History of the Mill
Historically Orange County has been agricultural. However, on the edge of the Great Depression, Orange seized an opportunity that was to provide the salvation of many farms and families.
Milton Rubin, a Yankee entrepreneur looking for cheap labor, posted a call in the New York Times looking for a southern town interested in developing a silk mill. When asked why he chose Orange County, his reply was that, “The people here were so nice to me.” American Silk Mills Inc broke ground in 1928. The combined cost of building and machinery was reported to be more than half a million dollars. The Mill has its own water tower and approximately 6 acres of land.
On May 30th, 1929 the first consignment of raw silk was delivered to Orange. It was imported from Canton China. The limited workforce consisted of 200 employees at the rate of approximately 15 cents an hour; many were able to provide their families with an income of $30 a month.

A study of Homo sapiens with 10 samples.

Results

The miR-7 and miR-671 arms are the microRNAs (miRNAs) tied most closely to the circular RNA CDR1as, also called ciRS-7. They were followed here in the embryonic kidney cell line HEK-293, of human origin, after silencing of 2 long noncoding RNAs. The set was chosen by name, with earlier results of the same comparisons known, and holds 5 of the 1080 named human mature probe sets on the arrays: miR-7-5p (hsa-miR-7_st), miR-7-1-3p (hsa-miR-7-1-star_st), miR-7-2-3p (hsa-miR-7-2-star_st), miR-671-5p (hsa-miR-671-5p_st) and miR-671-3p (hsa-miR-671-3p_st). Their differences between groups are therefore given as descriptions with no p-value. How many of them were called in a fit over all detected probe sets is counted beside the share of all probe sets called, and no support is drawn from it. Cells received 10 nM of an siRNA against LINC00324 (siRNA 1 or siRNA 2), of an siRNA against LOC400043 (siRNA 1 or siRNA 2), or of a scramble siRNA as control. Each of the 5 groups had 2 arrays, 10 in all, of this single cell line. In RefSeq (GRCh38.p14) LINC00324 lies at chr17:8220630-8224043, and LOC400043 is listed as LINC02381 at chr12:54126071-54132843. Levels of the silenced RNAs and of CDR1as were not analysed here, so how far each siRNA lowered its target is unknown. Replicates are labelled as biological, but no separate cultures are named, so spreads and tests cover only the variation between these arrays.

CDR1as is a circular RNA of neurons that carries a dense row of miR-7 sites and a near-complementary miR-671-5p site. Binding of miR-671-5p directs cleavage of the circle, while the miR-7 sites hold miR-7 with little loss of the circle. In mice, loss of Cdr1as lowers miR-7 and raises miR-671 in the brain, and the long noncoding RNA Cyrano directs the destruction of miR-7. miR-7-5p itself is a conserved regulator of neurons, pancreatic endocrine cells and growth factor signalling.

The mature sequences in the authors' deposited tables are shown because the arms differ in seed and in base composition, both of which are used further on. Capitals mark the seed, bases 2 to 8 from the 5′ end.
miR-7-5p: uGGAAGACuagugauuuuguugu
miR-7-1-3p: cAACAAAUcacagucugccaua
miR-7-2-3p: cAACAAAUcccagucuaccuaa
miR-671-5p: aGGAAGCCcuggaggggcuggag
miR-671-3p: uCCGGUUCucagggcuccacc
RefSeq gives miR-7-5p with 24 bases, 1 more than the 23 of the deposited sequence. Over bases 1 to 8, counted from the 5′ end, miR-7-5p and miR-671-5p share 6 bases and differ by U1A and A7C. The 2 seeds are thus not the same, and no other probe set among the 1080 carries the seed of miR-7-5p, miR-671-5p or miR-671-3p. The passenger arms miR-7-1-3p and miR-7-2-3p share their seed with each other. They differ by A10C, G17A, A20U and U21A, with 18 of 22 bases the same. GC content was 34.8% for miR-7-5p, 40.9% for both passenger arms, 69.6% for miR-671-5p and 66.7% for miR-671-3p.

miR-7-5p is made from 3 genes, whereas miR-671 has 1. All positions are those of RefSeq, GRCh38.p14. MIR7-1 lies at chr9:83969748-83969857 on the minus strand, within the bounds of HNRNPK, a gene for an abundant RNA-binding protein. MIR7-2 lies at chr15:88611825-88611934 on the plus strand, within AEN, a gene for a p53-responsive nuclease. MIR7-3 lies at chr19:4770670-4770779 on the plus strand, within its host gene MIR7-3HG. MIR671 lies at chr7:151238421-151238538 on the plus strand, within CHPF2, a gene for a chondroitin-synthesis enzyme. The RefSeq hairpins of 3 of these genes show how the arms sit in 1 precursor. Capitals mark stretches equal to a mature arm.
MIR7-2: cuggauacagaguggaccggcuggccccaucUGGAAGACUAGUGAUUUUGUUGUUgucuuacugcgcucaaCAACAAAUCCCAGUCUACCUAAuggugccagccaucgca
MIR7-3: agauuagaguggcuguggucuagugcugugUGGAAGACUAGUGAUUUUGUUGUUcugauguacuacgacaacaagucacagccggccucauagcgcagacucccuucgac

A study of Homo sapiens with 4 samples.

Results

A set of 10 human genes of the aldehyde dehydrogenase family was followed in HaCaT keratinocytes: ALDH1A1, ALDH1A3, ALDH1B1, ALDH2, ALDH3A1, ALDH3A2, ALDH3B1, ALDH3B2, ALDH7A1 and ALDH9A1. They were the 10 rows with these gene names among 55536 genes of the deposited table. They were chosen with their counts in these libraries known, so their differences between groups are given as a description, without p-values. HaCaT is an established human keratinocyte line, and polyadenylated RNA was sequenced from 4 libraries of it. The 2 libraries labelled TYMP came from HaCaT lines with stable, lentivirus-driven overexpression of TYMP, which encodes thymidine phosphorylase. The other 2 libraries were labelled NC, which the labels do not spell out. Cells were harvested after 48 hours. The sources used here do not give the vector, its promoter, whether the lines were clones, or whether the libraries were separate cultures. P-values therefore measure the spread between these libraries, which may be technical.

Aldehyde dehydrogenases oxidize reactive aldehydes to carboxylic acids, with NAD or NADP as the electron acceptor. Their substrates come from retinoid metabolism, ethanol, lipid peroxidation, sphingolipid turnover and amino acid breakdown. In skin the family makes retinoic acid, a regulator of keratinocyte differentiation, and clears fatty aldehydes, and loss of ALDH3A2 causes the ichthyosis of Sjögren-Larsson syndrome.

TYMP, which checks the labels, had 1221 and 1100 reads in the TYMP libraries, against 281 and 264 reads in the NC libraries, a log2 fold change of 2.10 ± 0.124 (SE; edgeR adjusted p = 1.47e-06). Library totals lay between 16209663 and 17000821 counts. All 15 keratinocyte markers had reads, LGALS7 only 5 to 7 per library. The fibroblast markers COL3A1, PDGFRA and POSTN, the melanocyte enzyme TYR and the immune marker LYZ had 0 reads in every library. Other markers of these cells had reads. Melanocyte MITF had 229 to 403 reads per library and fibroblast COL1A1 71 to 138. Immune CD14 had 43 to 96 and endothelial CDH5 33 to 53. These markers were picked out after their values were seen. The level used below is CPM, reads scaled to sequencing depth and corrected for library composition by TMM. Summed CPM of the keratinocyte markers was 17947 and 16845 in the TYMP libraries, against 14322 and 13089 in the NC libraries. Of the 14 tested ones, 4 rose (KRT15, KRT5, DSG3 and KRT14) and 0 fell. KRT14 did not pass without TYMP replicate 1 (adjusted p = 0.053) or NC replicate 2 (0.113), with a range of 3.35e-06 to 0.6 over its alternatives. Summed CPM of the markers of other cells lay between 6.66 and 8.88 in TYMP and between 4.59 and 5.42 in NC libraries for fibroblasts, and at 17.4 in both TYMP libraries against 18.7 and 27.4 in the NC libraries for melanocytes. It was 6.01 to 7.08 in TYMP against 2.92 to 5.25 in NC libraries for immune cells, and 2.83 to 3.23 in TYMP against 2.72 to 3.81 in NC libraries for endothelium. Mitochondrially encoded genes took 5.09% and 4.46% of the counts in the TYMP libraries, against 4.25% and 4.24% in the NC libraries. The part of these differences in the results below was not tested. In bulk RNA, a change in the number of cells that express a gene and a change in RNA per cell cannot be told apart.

Shortly after the mill opened, the Great Depression began in October of 1929. Because of the American Silk Mill farms were saved and a community was left intact.
Beyond helping local farms and families survive the depression, the American Silk Mill provided a product vital to our nation’s success in WWII. American Silk Mills Inc was the nation’s largest producer of silk for parachute cloth during the Second World War. Three shifts of employees working 7 days a week were part of the war effort. More than 1000 employees took part in the project which won a Presidential Citation for their part in making parachutes.
Why did the Mill close? It became impossible to buy raw silk as the war progressed. Most of the materials came from the Orient and was controlled by Japan. Consequently, many synthetic fibers came on the market such as Nylon, Rayon, and Dacron. The Mill was not designed for these new materials and the local plant was unable to compete. The mill closed in 1979.
But true to form and unlike many abandoned mills on America’s east coast, the property was purchased in 1989 by visionary local entrepreneur Kent Higginbotham. Since then extensive renovations have been made to accommodate the various businesses here. Our restaurant is located in what was the weaving department of the mill.
Please feel free to take a look at our historical photos and equipment from the Silk Mill Era.